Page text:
PHOENIX (AP) — Lorena Ochoa will go for her third straight victory at the Phoenix stop on the LPGA Tour. She’ll have to do it on a different course.
The tournament, part of the tour for 30 years, lost its sponsor and its home course after last year. The LPGA stepped in to keep the event alive, moving it from the Superstition Mountain Golf Club east of Phoenix to the city’s Papago Golf Course, where the J Golf Phoenix LPGA International begins a four-day run on Thursday.
“It feels a little bit different,” Ochoa said. “You picture yourself one way, at one golf course and this is really a new place for all of us.”
Papago is a 6,711-yard, par-72 public course that was recently renovated. In fact, the new clubhouse has yet to be built, leaving the event to operate in a series of tents and trailers in the shadow of Papago Peak.
Ochoa said the greens are harder than they were at Superstition Mountain.
“It depends on the weather,” she said. “If you get hard winds, it will be a really hard golf course. I think you’ll see low shots, landing the ball before the green. You need the ability to do different shots. I feel ready. It’s the same conditions for everybody.”
Ochoa won her 25th LPGA title in Thailand on March 1, a significant achievement because she switched putters in the offseason.
“I feel more comfortable now,” she said. “Week by week I feel better. I’m spending more time on the putting green. I’m motivated. My goal is to stay at the top.”
The Mexican star and former University of Arizona player is a perennial favorite in Phoenix, with its big Hispanic population.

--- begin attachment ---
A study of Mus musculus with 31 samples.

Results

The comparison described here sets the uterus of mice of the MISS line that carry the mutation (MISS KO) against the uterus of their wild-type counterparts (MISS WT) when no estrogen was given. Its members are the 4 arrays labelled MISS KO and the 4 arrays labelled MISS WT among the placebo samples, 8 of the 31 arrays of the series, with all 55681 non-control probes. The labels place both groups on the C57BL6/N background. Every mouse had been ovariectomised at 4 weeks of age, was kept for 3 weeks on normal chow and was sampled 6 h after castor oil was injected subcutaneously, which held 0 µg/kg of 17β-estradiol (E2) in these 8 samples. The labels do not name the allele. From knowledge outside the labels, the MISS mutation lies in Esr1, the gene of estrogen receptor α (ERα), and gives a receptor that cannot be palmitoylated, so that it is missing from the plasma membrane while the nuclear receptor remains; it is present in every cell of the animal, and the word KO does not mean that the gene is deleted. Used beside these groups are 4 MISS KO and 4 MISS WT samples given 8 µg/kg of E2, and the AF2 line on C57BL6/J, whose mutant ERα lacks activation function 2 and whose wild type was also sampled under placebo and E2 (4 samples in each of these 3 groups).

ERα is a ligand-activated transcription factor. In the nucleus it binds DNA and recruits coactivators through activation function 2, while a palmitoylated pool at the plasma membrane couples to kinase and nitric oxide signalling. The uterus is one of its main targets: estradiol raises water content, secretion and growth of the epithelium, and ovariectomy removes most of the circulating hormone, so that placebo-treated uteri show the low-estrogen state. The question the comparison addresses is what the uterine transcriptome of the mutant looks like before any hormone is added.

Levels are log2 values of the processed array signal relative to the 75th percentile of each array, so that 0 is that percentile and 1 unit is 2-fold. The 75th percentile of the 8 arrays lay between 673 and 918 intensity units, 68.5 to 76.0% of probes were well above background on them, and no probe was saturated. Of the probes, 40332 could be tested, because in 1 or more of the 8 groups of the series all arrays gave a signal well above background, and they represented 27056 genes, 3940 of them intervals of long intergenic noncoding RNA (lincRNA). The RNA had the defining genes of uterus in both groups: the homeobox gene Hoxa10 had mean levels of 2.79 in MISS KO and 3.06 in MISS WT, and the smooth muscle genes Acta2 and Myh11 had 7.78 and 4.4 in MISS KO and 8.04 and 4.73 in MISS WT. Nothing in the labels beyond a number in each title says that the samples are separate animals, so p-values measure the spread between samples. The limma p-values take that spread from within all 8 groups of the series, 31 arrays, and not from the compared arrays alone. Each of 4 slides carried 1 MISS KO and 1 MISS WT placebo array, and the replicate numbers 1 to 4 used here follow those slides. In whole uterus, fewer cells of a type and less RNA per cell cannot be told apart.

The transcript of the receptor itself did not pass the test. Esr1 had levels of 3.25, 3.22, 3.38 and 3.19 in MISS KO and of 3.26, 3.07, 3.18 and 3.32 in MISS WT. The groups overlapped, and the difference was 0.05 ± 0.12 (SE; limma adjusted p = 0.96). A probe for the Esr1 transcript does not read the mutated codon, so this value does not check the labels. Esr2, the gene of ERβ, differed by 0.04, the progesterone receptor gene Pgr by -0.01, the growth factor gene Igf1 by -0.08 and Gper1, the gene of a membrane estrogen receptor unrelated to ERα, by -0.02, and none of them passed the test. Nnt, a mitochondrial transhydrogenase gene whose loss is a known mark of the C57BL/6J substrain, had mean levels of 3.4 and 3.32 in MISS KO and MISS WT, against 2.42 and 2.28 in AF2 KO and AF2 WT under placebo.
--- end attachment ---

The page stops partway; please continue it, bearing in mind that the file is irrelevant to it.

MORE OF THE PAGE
“I love to come here. I have lots of friends that I will see, some coming from Tucson,” Ochoa said. “I’ve been practicing at 6 a.m. in the morning everyday and just to see the sunrise, it’s a place where I feel comfortable.”
Michelle Wie is back on the tour for the first time since the SBS Open at Turtle Bay in Hawaii.
“The course is in good condition,” she said. “I played here on Sunday. From Sunday to now it’s been a great improvement. The fairways are in good condition. It’s a little deceiving because it’s brown in some spots, but the course is in great condition. It’s a really great track.”
Wie said she’s loving life as a student at Stanford.
“This is such a great time in my life,” she said. “For six months, I’m a golfer and I hibernate and become a hermit and think about golf. At college, I feel like I’m just a normal 19-year-old. I feel like I have a great variety in my life.”
Pat Hurst, who lives in nearby Scottsdale, is coming off her first win since 2006 last week at the MasterCard Classic in Mexico.
“Yes, this is home, so I enjoy coming back,” she said. “Anytime I get to come back home, it is a pleasure to sleep in your own bed.”
She said she had never played the Papago course until a few weeks ago.
“I’ve never had the chance,” she said. “There are so many golf courses around here, but when I go home, I don’t have much time to play. I have to be mom, so I haven’t really played very much.”